It's no secret the US government is struggling with how to keep track of its many services and their associated costs, but one area is of special concern: high-containment biological laboratories. The labs, used by scientists for researching biological threats such as anthrax and diseases carried by animals, have ballooned in number since the 2001 terror attacks. Unfortunately, the federal government hasn't done a good job keeping track of all of them and the risks they pose. In fact, it doesn't know exactly how many are in operation today, nor how secure they all are.

"This incident highlighted the risks inherent in relying on local building codes."

Those are the grim conclusions of a new report from the Government Accountability Office published today. The report, which follows up on a 2009 review which also found many of the same problems, says that the best, latest estimate of the total number of many high-containment labs in the country is 1,495, and that comes from 2010. The report says that because there is no national standard of security for these labs, they've been built to varying local specifications of security, resulting in several situations at some of these labs that could have been hugely problematic.

In one instance in 2007, construction workers accidentally cut a "critical grounding cable" leading to a power outage at a lab with the highest level of biosafety precautions (BSL-4) at the Centers of Disease Control in Atlanta, Georgia. No biological agent was released, thankfully, but as the report notes: "this incident highlighted the risks inherent in relying on local building codes to ensure the safety of high-containment laboratories, as there are no building codes and testing procedures specifically for those laboratories."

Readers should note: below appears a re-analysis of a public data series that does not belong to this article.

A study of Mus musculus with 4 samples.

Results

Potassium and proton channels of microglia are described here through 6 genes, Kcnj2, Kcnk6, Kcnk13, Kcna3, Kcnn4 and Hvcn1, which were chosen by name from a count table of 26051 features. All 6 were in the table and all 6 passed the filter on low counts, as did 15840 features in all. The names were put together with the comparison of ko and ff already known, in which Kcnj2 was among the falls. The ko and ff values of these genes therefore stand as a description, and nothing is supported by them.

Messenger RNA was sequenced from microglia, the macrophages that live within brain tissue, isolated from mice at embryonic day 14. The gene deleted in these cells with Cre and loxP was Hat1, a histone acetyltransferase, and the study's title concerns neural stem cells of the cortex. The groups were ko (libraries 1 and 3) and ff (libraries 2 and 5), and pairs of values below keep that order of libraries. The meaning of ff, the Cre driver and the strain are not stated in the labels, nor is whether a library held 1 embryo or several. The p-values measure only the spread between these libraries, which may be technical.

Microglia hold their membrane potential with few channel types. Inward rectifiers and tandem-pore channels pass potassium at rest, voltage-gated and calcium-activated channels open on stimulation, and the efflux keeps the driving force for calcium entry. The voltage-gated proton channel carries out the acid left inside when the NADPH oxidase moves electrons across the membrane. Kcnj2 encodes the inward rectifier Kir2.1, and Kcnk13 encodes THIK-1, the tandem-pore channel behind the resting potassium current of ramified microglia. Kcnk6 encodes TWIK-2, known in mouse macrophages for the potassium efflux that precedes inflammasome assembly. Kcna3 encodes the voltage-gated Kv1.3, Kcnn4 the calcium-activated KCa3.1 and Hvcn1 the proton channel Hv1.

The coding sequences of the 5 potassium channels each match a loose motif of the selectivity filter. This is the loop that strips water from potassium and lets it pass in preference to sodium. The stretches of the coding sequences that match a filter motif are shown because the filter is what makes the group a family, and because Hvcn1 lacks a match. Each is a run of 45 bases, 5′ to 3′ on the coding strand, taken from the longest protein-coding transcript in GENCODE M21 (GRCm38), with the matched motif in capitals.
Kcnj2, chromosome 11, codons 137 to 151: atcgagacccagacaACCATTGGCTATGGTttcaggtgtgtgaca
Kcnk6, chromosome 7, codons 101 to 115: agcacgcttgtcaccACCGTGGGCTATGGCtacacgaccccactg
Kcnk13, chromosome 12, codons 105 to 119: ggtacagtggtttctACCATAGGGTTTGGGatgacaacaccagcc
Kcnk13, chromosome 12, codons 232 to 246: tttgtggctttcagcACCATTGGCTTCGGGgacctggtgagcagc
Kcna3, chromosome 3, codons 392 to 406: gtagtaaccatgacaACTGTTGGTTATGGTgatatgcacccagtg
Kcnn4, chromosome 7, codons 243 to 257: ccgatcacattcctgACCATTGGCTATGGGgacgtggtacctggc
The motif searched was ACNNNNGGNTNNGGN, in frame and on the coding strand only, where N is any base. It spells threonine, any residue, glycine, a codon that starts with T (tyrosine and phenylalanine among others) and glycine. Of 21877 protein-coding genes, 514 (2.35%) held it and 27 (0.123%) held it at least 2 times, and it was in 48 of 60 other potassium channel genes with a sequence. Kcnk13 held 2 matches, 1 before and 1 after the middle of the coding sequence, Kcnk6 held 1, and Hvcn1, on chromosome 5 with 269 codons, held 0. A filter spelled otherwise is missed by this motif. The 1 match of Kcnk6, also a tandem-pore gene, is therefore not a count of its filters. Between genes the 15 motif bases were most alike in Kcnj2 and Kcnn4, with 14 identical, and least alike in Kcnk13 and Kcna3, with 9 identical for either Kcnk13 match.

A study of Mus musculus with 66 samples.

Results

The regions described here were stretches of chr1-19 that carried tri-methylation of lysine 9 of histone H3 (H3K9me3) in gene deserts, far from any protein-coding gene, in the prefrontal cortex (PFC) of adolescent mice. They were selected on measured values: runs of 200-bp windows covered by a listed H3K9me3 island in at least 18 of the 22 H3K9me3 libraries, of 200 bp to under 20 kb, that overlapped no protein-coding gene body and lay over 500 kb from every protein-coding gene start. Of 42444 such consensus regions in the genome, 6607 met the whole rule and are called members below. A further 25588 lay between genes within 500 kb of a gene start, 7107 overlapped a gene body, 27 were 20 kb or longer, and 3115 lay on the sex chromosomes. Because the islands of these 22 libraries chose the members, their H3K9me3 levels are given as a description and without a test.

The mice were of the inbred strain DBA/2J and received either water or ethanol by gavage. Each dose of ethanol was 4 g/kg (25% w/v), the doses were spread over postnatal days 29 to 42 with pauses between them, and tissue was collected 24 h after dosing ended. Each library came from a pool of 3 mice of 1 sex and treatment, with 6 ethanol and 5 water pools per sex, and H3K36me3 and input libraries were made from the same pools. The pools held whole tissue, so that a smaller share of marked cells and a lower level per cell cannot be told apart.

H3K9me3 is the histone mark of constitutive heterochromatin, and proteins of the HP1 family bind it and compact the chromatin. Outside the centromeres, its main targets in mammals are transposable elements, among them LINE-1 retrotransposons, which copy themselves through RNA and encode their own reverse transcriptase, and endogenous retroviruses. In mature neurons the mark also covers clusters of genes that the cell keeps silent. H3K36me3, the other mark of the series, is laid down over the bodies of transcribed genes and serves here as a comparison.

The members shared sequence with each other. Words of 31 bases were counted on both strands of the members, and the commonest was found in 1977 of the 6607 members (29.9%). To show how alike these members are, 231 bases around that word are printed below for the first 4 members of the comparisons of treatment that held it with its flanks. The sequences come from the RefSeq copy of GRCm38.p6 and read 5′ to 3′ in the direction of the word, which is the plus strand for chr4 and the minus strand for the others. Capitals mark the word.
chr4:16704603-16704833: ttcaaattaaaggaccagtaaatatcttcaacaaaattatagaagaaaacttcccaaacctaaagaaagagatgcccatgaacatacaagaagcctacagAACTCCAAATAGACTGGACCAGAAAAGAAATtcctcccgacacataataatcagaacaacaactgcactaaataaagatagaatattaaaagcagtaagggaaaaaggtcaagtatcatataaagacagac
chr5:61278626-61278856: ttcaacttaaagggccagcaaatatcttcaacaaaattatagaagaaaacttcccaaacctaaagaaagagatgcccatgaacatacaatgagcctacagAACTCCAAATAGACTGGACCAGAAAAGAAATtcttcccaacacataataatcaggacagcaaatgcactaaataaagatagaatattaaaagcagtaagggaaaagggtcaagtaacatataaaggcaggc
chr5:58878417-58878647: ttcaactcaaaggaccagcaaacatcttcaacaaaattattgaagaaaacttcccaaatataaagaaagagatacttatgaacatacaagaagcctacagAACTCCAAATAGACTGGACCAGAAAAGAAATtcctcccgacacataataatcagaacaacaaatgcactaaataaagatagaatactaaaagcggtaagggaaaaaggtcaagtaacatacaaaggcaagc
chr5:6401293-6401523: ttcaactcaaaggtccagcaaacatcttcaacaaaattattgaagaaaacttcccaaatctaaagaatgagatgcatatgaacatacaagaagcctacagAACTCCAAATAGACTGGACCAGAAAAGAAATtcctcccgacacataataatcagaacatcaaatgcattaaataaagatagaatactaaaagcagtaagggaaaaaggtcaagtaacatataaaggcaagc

"The risk associated with any single laboratory is non-zero."

The report recommends that the White House Office of Science and Technology Policy (OSTP) take control of these labs and set up national standards, but points out this may be made more difficult by recent federal budget cuts. The report also indicates the White House's reluctance to address the problem, saying that the OSTP disagreed that more labs around the US means more risk. "The risk associated with any single laboratory is non-zero," the report concludes, adding, "The risk at each laboratory leads to an overall increased risk with expansion." With the US just restarting funding into bird flu research earlier this year after a safety moratorium, it would probably be a good time to make sure labs containing that research are sound.